Whitewater rafting the Tatshenshini and Alsek rivers
Water splashed up and over the boat and into our faces, running in long rivulets off our foul-weather gear. ''Bail!'' called Chuck; and as the raft lurched through deep troughs topped by foaming white, I reached for the bucket.Skip to next paragraph
Our first day we woke to fog, but by the time we set out there was bright sunshine. We moved along in the current with a flock of mergansers; an eagle slowly stretched out his wings as we passed.
The angle of the river steepened, and we picked up speed. Fred Fay-Hiltner, the leader and oarsman of the raft I rode, maneuvered a series of tight, fast turns through a spill of rock. Fred is an Olympics-class kayaker, and watching him reminded me of Henri Cartier-Bresson's description of photography as ''a matter of millimeters.'' At one point we were flying through a churning chute into a canyon toward sheer jagged rock. We swept by, missing it by inches, and plunged into huge waves, towering eight feet over us.
After lunch, we lazed in what Fred calls ''Alaska drifting'' - down through waves only three feet high. Suddenly a bear was thrashing across a stream next to the raft, a sow with her cub running away from us.
Our camp was just ahead in a field of dryas gone to seed. Perhaps the premier Alaska plant, dryas moves in first after glacial retreat to prepare the soil for reforestation. From river to forest edge, the ground was solid with small gossamer balls.
After dinner, Ken Leghorn, another of our oarsmen, said, ''Hey! There's something moving over there.'' He got a blase response; we had had a gourmet repast and were relaxing after the excitement of the canyon. ''A moose,'' said Dick Rice, our third guide. It was visible without binoculars - a light form just across the river. We all went for our binoculars to see it better: ''It's a wolf!''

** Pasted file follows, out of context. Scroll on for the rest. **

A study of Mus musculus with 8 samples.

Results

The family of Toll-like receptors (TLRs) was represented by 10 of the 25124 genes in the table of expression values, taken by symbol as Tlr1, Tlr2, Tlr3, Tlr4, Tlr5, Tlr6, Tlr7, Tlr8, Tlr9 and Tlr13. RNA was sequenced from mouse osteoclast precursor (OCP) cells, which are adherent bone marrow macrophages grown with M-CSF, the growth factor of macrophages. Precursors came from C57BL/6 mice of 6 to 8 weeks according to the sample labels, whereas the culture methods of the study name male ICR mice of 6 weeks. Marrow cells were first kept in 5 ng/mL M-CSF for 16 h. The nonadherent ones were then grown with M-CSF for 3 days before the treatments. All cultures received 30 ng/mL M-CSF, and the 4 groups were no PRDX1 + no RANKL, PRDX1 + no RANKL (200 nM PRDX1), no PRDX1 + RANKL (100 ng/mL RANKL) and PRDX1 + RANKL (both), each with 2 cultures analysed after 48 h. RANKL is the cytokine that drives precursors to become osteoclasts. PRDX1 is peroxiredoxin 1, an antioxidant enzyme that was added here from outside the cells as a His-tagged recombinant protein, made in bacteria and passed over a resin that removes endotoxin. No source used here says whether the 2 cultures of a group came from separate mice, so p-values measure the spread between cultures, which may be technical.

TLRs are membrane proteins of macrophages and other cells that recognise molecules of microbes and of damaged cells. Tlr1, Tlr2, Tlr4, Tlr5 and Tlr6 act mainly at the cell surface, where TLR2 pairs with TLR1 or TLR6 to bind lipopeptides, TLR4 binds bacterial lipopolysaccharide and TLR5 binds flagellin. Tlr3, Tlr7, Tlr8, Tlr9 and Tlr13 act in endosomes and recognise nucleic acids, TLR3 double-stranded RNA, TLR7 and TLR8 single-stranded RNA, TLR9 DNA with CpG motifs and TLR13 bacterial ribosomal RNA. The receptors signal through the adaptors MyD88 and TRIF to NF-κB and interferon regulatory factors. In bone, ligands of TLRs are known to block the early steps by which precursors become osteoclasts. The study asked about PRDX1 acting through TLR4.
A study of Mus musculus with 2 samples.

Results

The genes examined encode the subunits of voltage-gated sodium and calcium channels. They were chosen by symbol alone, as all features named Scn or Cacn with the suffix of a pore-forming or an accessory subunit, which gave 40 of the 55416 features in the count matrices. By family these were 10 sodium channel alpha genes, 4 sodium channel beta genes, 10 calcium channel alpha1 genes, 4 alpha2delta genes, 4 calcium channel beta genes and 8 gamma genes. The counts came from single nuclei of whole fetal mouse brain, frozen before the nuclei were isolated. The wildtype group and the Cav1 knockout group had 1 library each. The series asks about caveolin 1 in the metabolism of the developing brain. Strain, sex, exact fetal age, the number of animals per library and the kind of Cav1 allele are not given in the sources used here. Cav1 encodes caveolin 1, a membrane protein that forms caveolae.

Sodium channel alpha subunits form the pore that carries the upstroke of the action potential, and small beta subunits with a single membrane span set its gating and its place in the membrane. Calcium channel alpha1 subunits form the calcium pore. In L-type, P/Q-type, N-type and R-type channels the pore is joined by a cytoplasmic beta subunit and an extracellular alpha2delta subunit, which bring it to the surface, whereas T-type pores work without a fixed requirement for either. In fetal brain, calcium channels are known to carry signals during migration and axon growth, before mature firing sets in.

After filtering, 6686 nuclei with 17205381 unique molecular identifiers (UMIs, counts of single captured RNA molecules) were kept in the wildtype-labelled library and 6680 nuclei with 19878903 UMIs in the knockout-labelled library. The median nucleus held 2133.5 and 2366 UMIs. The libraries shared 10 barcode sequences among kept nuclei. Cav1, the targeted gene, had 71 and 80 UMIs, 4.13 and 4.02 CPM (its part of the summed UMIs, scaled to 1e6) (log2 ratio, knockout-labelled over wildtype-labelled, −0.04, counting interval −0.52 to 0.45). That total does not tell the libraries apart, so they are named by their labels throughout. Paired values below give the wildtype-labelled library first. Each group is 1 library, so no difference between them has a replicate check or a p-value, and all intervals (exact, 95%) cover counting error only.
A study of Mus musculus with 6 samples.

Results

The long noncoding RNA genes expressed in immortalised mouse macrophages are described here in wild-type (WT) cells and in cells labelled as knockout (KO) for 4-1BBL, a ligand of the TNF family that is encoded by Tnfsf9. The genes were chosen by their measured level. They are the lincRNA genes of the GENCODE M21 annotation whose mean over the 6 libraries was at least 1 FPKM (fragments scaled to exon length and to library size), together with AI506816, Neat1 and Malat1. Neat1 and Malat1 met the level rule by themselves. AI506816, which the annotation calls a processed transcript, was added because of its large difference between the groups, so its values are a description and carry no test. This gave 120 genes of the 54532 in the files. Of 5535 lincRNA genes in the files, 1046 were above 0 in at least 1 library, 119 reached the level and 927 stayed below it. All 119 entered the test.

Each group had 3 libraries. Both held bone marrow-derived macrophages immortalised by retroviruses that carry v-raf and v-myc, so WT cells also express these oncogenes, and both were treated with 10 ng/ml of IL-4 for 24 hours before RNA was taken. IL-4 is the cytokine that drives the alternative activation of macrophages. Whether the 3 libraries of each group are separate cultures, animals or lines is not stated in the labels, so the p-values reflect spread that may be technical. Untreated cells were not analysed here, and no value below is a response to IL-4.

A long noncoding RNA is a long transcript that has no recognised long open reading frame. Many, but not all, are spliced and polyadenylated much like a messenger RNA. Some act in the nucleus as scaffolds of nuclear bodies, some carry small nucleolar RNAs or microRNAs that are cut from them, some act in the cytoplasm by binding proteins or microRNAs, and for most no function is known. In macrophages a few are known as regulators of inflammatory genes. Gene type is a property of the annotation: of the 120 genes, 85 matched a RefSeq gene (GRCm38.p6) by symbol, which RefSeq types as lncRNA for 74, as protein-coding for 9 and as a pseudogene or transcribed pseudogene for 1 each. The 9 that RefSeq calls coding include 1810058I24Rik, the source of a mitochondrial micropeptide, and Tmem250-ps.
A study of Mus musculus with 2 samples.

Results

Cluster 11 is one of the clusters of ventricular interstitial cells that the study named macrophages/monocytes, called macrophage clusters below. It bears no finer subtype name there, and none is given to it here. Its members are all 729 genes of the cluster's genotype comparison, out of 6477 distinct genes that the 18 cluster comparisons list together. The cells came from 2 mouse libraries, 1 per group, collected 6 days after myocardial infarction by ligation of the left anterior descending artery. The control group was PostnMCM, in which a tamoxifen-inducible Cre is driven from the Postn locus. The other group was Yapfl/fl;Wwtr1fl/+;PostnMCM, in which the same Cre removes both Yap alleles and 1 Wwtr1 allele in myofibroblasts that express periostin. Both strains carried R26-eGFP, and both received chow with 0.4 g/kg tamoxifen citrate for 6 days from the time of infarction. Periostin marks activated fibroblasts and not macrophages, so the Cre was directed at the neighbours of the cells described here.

And it was - a short distance away from us. He gnawed at something, walking around it, tugging. After almost an hour he walked slowly along the shore out of sight.
The river flowed light chalky green our second day, having taken on what is called glacial flour: bedrock which has turned into powder as a glacier grinds down over it. The sun was hot at lunch; so we dove into the river, swimming upstream against the meltwater.
We climbed a bear trail in the afternoon to look out over the land, and saw what looked like a meandering stream curving through the green and the great austere sweeps of gravel.
But by the fourth day, the Tat was a changed river, the bed swollen wide with the volume of water. Mountains rose from the shore.
The river is braided here, and Fred picked our way through the labyrinth, negotiating sometimes in three and a half inches of water. Fine debris churned against the bottom of the raft. We swept nimbly into a small backwater eddy: We are at the confluence of the Tatshenshini and the Alsek.